Not the result Google was searching for
Thomas Byrne case highlights emerging vulnerability to libel laws
Google now offers a range of products and services, providing additional information to support users searching the internet. Photograph: Paul Sakuma/AP Photo
Google has regularly claimed it cannot be held liable for what is contained in its search results, as it is simply creating a snapshot of content that is elsewhere on the internet.
This “caching defence” is cited within the EU’s e-commerce directive law and allows for internet service providers (including search engines) to not be held liable for being a “mere conduit” for information.
However, Google no longer just provides search results that reflect the content of websites elsewhere on the internet. It now offers a range of products and services, providing additional information to support users searching the internet.
One such facility is the “Knowledge Graph” that Fianna Fáil Senator Thomas Byrne took action in the courts over on Thursday. This facility seeks to bring together a number of information sources on the internet and assemble them alongside search results.
Thus biographical information about Mr Byrne, mainly from Wikipedia, was presented (although referring to him as a TD, which he no longer is). Alongside this was a photo, the source for which is Google’s “Image Search” facility. Given the huge interest in convicted solicitor Thomas Byrne, the facility ranked pictures of the latter first, and did not differentiate between him and the politician.
The Knowledge Graph facility allows users to provide feedback on each result, including the option to cite specific pieces of information, including images as “wrong”.
Courts have found previously that Google cannot be deemed the publisher of content within its search results. However, given that its systems are selecting information outside of results, there is a question mark over whether it could be deemed the publisher of content such as the Knowledge Graph.
The Knowledge Graph is not simply a reflection of content elsewhere but, presumably, an algorithm that selects what information to present – whether that information is produced and presented by Google staff, or a piece of code written by someone for Google.
Failure to engage
The High Court was told on Thursday that Mr Byrne’s solicitor wrote to Google Ireland twice and that the Senator himself had used the feedback option alongside the Knowledge Graph results. Neither received replies to their attempts to point out the error to Google.
The failure of Google to respond resulted in Mr Byrne seeking the ex parte injunction (meaning that Google was not present in court).
Another algorithmic facility provided by Google is the autocomplete facility that’s presented when typing a keyword into the search engine. This, too, has resulted in legal action being taken in Irish courts.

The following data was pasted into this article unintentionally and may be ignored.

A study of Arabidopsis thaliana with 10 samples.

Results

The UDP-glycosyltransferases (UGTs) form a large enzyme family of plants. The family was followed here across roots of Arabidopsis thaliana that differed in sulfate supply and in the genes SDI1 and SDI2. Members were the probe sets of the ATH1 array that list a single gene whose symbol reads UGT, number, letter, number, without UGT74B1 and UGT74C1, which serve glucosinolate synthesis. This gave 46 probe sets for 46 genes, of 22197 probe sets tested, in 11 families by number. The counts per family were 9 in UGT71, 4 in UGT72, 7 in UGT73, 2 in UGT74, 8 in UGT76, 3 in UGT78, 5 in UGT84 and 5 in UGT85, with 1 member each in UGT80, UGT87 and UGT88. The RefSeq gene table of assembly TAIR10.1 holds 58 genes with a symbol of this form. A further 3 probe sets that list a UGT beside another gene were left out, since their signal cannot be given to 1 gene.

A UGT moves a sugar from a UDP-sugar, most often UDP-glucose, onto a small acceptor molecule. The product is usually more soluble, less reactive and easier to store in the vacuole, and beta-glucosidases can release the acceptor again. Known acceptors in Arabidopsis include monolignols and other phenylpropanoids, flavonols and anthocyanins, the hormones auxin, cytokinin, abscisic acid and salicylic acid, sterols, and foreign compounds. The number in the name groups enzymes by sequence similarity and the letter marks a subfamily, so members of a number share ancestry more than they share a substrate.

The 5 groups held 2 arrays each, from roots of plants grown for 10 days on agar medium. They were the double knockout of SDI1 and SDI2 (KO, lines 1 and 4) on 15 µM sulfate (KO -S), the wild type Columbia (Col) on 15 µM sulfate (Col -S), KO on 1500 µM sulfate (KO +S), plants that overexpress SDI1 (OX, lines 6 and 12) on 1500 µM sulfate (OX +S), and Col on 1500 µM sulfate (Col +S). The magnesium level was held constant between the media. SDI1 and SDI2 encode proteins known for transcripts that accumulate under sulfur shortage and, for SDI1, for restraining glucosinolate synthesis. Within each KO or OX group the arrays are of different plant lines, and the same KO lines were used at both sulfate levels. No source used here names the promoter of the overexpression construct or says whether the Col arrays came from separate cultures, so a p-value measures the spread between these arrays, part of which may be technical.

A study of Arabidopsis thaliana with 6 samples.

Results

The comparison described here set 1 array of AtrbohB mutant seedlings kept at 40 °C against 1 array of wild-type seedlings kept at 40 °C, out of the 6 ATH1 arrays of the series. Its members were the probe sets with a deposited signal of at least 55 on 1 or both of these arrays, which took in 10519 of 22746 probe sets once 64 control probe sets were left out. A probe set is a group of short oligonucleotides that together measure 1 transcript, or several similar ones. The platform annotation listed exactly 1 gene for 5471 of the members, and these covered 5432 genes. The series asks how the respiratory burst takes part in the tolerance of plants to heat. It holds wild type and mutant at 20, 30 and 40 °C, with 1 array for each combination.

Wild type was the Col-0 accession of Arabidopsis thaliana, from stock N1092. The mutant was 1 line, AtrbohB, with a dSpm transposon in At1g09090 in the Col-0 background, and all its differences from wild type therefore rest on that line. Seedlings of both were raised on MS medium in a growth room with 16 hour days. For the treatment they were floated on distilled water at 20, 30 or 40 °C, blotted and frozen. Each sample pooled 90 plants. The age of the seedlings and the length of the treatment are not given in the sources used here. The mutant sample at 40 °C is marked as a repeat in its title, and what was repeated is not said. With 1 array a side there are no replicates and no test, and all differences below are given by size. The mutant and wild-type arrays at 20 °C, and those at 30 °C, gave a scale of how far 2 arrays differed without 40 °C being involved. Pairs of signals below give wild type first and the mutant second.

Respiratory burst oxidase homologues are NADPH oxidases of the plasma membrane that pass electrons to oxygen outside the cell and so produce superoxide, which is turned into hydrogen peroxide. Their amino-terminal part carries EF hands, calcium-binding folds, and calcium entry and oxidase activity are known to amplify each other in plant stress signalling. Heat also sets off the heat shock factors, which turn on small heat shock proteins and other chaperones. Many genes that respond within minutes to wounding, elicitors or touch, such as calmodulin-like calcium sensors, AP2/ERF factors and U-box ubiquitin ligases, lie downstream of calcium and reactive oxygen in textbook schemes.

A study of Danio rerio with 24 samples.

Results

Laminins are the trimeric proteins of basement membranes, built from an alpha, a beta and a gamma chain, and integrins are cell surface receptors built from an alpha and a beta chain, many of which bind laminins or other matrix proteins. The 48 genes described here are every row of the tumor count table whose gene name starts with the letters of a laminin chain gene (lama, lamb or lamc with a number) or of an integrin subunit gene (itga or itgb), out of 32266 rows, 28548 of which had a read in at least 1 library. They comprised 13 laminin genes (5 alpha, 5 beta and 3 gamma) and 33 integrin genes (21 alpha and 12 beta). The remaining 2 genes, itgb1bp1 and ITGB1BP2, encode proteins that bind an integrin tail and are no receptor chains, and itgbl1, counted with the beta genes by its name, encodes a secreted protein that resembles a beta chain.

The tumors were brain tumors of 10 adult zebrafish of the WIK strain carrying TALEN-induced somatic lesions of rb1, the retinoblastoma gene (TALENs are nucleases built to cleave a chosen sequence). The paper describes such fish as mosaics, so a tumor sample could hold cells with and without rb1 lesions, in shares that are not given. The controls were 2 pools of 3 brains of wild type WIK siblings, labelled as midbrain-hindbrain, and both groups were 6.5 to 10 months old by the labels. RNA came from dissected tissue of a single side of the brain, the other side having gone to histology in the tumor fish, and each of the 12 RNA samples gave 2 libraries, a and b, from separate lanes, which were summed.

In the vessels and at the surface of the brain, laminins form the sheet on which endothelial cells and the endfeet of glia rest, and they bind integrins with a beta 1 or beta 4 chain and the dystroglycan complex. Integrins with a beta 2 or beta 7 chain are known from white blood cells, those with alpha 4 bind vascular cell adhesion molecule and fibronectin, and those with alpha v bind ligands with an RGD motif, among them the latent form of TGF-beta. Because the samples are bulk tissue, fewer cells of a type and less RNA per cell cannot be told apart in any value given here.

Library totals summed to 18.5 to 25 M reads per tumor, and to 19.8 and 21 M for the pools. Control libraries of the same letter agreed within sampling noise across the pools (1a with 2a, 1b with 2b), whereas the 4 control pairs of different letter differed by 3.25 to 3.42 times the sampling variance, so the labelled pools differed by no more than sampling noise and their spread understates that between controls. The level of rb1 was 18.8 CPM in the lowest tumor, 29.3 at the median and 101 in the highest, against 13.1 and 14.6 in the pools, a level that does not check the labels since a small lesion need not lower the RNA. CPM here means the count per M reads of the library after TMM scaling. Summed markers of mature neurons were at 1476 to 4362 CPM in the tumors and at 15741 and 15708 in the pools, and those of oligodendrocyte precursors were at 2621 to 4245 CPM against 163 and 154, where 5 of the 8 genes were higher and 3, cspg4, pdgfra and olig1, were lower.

A family-owned hotel based in Co Louth took a case against Google in 2011 as the search engine’s autocomplete system was suggesting that the hotel was in receivership.
The hotel was trading successfully, but Google’s autocomplete was suggesting the addition of the word “receivership” to the end of the search term for the hotel.
While that case was settled out of court, Google has lost similar cases in Germany, France and Italy, where courts have held the search engine responsible, not for cached search results, but for algorithmic results presented in the autocomplete facility.
Last year the wife of the then president of Germany, Bettina Wulff, successfully sued Google for defamation due to the search engine suggesting “escort” and “prostitute” as search words.
It is important to note that the immunity from liability enjoyed by service providers under the e-commerce directive is lost if, when notified of defamatory material fail, they fail to remove it in a reasonable amount of time.
Counsel for Mr Byrne argued before Mr Justice Paul Gilligan that, despite three attempts to make contact with Google, there was no acknowledgment or reply from the search engine.
Following the ex parte injunction being granted to the Senator on Thursday afternoon, the photograph of the convicted Thomas Byrne disappeared from Google’s Knowledge Graph result.
Google has advanced procedures in place to ensure that copyright-holders are able to request that their material be removed from Google’s search index, and Google provides tools to websites to have their content removed from Google’s index, sometimes within 24 hours.
However, it is not clear how effective the remedies are for members of the public when it comes to content directly controlled by Google. Senator Byrne noted that he used the report function to highlight the error to the search engine, but got no reply. When asked by The Irish Times what the procedure was for reported items on the search engine, or how long it took to have a reported item addressed, Google declined to comment.
That it requires an action in the High Court to force Google’s hand in such situations is a sad reflection on the remedies available.